WGA strike has ‘striking’ impacts


Jae Jepsen

Members of the Writer’s Guild of America (WGA) have gone on strike after contract negotiations failed to yield the changes they desired.

Jae Jepsen, Copy Editor

After decades of unfair pay, members of the Writer’s Guild of America (WGA) have walked out of the writer’s room and into the picket lines, finally taking a stand against the unfair conditions they have endured since the birth of the industry. 

The impacts of the strike have long been discussed as it’s been looming for months. After initial contract negotiations failed, the Alliance of Motion Picture and Television Producers (AMPTP) predicted that a strike would be imminent. However, foresight couldn’t protect the industry from the harsh realities of the strike.

The impacts of the strike were immediate and extensive.  Late-night shows were among the first to be affected, as their material is written on a nightly basis. Production stopped on May 2 and will be at a standstill until the strike ends. A few days later, scripted television began to air reruns, as their production has been halted as well. 

In the coming months, there will be a noticeable lack of new content on streaming platforms. Popular shows such as Stranger Things, Severance, Yellow Jackets, Cobra Kai, and more have all stopped pre-production, which will delay release dates. 

At its center, the WGA strike is about how the entertainment industry has adjusted to streaming becoming the common medium. When a writer works on a project that airs regularly , they earn income for as long as their work is prevalent, gaining bonuses for reruns and international airing. Streaming services, however, do not provide these same benefits. Any type of residual is rare for streaming work, regardless of its popularity.

This inequality is punctuated by the discrepancy between writers and other members of the industry. In 2022, the entertainment industry brought in a profit of nearly $26 billion. Still, the writer’s lifestyle is reliant on always finding a new gig, no matter how successful the last may have been. Under this model, real and lasting success is nearly impossible for writers, no matter how talented they might be.

To combat the dilemma of streaming, the WGA has requested performance-based residuals, which are granted based on how often a piece of media is consumed or by how many people.

The new prevalence of AI is also making waves in the industry. Writers hope to establish safeguards which would prevent their jobs from being replaced with AI. Studio executives, intrigued with the possibilities, want to explore AI, and fear the limitations that might be imposed upon them.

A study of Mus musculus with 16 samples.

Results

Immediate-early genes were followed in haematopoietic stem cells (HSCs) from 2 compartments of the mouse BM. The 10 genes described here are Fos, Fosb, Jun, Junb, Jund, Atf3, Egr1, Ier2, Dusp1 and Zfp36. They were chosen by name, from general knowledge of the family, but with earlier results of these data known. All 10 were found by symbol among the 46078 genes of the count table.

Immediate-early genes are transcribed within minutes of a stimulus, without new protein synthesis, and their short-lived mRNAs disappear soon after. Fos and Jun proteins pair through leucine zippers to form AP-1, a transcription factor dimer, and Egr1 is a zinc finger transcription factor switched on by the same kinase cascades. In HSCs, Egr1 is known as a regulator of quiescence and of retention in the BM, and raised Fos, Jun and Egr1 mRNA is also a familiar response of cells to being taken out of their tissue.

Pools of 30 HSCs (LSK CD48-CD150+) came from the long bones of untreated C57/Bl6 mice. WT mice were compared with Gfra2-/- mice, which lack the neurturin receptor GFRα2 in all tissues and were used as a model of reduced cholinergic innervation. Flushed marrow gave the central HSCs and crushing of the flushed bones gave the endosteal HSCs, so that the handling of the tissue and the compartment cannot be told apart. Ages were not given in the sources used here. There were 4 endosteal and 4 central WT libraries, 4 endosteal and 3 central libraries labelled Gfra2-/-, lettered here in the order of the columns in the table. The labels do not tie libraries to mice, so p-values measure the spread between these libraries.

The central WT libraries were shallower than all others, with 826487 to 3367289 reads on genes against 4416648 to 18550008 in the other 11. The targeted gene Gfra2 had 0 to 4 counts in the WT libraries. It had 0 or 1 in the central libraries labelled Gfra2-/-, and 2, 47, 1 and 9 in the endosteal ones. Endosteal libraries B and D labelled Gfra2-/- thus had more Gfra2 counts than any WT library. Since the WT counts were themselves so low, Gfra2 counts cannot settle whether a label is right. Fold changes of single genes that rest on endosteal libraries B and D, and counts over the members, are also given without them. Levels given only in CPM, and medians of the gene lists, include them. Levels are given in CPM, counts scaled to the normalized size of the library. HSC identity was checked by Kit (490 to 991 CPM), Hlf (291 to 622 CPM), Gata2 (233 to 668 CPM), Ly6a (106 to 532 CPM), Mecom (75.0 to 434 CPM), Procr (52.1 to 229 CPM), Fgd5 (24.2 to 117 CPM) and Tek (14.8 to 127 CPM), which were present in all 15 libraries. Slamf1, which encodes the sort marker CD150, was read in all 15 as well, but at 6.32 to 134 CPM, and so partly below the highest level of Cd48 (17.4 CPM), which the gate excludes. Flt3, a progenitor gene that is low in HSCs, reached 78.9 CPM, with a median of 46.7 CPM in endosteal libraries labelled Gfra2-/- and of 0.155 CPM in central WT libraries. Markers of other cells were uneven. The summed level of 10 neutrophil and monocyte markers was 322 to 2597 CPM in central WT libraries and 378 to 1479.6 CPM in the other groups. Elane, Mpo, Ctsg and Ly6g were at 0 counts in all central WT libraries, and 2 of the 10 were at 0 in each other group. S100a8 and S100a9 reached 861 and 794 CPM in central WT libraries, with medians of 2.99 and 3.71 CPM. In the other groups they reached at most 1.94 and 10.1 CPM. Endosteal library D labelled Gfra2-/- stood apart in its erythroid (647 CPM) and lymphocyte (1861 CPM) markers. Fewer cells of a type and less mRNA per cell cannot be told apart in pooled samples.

The outpour of support for the WGA has been overwhelming. Hollywood giants including Jennifer Coolidge, Drew Barrymore and Snoop Dogg are only a few of the numerous public figures who have made statements promoting the strike. Not only have celebrities spoken about it, but many are taking to the streets and protesting alongside writers. Bill Nye, Quinta Brunson and Jay Leno were all spotted protesting, among other public figures.

Junior Willa Samuelson is among those providing fortification to the strike. “Writers are being severely underpaid for the amount of work they do,” she explained, “[They] are critical to the entertainment industry, but they are not paid their value.”

Despite the traction the strike has gained, it is predicted that it may last longer than three months. The AMPTP  has attempted negotiations, but their sticking points are the same issues as those the WGA is most passionate about. Longer lasting gigs for writers, streaming residuals and mandatory staffing- a minimum number of writers hired by a studio- all may create problems as the strike wears on.

Some have suggested that the key to resolving the WGA strike is for a deal to be made on the Director’s Guild of America (DGA) contract. While the two have differing demands in their new contracts, there is a historic precedent of DGA negotiations resolving WGA difficulties. If an agreement can be reached now, a parallel contract may be successful in bringing writers back to work.  

With no end in sight, it’s certain that the Writers’ Strike of 2023 will go down in Hollywood’s history, but two possibilities exist as far as how it will be remembered. In one scenario, the WGA emerges victorious, having made a deal that will permanently improve conditions for writers. 

The other option is much more dismal. After a months-long standstill, a content desert may frustrate the public, decreasing the WGA’s traction and forcing them to settle for a less-than-ideal contract.

No matter how the strike is resolved, the entertainment industry will come away with a new perspective and a future irrevoicably altered.